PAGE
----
So it transpires that I have a condition called imposter syndrome.
No I’m not pretending to be a superhero who wears their underpants on the outside. And I’m definitely not an undercover spy, and I can’t claim to be royalty.
Nope, imposter syndrome, as it turns out, is a condition where the sufferer feels like a fraud and doesn’t believe they deserve their success, and fears they will be “found out” by their peers and bosses.
I came across this quite by accident last week when exploring the internet about self-doubt. Weirdly I hadn’t heard of it before, but by all accounts it’s fairly common and tends to affect high-achieving women (but can also affect men too).
Well I nearly fell off my chair as I continued to read.
The thinking with imposter syndrome goes that sufferers believe any success or achievements are down to luck rather than their hard work, ability and determination.
My God, they were describing me. I had a label.
What’s worse, is that according to the scientists, those who achieve and succeed tend to feel even more like a fake and often sufferers will get trapped in an imposter cycle, whereby they shirk extra responsibilities for fear of being unmasked as a fraud. In other words: death to dreams.
Imposter syndrome is perhaps most prevalent in the work place and seen, unfortunately, with the gender gap between men and women. Where men have the “balls” to ask for a pay rise, women are more meek, and those with imposter syndrome don’t believe they deserve one. Likewise, if there’s a promotion on offer, people with imposter syndrome don’t believe they are good enough to apply.
Imposter syndrome, I believe, has become caught up in my #40by40 volcano attempt – namely that only real mountain-climbing adventurers should climb volcanoes and I am not a real mountain-climbing adventurer and people will find this out. (Writing it out like this does sound ridiculous).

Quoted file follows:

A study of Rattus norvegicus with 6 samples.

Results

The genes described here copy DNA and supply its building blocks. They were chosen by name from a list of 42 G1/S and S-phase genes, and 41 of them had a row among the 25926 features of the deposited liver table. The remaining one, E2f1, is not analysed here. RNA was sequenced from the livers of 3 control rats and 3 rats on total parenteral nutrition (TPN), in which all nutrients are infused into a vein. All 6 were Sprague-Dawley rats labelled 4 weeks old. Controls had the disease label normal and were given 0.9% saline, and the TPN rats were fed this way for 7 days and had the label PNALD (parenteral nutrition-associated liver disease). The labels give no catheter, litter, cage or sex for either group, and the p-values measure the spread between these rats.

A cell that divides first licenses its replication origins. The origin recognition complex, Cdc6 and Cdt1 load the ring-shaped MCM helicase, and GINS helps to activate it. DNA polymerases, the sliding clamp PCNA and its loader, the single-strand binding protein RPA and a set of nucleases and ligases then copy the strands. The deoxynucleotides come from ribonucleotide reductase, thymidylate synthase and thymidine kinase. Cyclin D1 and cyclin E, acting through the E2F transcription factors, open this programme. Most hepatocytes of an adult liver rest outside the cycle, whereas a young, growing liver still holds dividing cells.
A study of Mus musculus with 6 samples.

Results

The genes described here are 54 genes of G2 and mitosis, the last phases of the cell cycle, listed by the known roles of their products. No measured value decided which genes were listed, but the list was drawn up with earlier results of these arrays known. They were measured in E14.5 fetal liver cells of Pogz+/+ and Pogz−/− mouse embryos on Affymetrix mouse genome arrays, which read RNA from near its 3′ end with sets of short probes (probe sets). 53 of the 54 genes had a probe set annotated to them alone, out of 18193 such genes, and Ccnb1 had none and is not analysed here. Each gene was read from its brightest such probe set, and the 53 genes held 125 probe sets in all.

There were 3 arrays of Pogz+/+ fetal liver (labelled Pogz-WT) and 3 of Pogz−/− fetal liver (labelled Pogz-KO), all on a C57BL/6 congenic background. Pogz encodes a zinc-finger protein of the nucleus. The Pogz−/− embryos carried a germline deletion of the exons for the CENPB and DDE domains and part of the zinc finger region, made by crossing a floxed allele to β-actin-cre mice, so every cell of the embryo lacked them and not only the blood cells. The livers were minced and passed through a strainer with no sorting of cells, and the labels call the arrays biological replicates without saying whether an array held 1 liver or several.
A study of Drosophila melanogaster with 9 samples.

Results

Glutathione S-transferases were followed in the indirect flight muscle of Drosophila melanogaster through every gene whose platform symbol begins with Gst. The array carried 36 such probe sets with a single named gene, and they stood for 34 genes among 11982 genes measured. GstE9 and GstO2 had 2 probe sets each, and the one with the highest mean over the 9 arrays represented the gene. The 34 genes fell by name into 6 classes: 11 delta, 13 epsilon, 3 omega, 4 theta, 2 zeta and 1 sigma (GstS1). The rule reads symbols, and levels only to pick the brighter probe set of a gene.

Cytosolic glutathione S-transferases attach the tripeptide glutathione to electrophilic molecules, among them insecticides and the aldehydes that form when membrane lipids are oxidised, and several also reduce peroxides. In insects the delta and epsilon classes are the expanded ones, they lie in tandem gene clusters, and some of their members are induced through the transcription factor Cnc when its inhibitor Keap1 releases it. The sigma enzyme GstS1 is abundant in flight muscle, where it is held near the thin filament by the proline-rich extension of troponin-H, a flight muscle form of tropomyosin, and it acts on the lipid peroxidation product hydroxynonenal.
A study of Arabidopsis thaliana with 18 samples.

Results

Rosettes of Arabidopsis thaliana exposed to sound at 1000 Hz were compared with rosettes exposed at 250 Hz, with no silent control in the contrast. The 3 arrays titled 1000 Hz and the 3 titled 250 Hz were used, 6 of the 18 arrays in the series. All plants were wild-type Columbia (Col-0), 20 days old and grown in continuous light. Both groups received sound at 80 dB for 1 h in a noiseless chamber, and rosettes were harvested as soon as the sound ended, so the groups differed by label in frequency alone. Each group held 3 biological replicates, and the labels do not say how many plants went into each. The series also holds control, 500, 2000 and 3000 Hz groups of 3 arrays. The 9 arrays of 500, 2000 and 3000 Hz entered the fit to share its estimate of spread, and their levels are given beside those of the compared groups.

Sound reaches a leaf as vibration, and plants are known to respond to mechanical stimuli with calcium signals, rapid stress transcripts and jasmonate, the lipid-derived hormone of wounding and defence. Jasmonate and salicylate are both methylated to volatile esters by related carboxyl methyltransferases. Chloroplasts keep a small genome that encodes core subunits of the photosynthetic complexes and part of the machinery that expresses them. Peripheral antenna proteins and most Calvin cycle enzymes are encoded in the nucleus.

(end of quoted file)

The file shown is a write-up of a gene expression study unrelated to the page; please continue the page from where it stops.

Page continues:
In fact, I’ve been afflicted with imposter syndrome all my life. The reason I got into the top journalism school in New Zealand? Luck. The reason my first job was with one of New Zealand’s largest daily newspapers? Luck. My boss in my former job would tell me I’m amazing and all I would think is ‘you’re crazy, if only you knew’ and then I’d feel completely overwhelmed with the pressure to perform for fear of shattering her belief in me. The irony is, she probably had imposter syndrome too.
If you look at imposter syndrome more broadly, it’s a sad state of affairs and a shocking indictment of how women undervalue themselves. And certainly it’s not helped when celebrities are treated as gods and everyone on social media is seen to have the “perfect” life.
But perception isn’t everything. Indeed, this highlights the importance of being ourselves and not what we think others want us to be or trying to attain ‘perfection’ (whatever that actually is). It also comes back to understanding there is no truth behind the self-doubt voices inside your head.
By all accounts, admitting these fears of being a phoney, and recognising the imposter syndrome affliction, is the first step towards taking back control. The theory is in not giving the fear the power to hinder success. Hence I’m proud to wear the label and even prouder still to attempt to throw it off.
Because – as L’Oréal says – you’re worth it!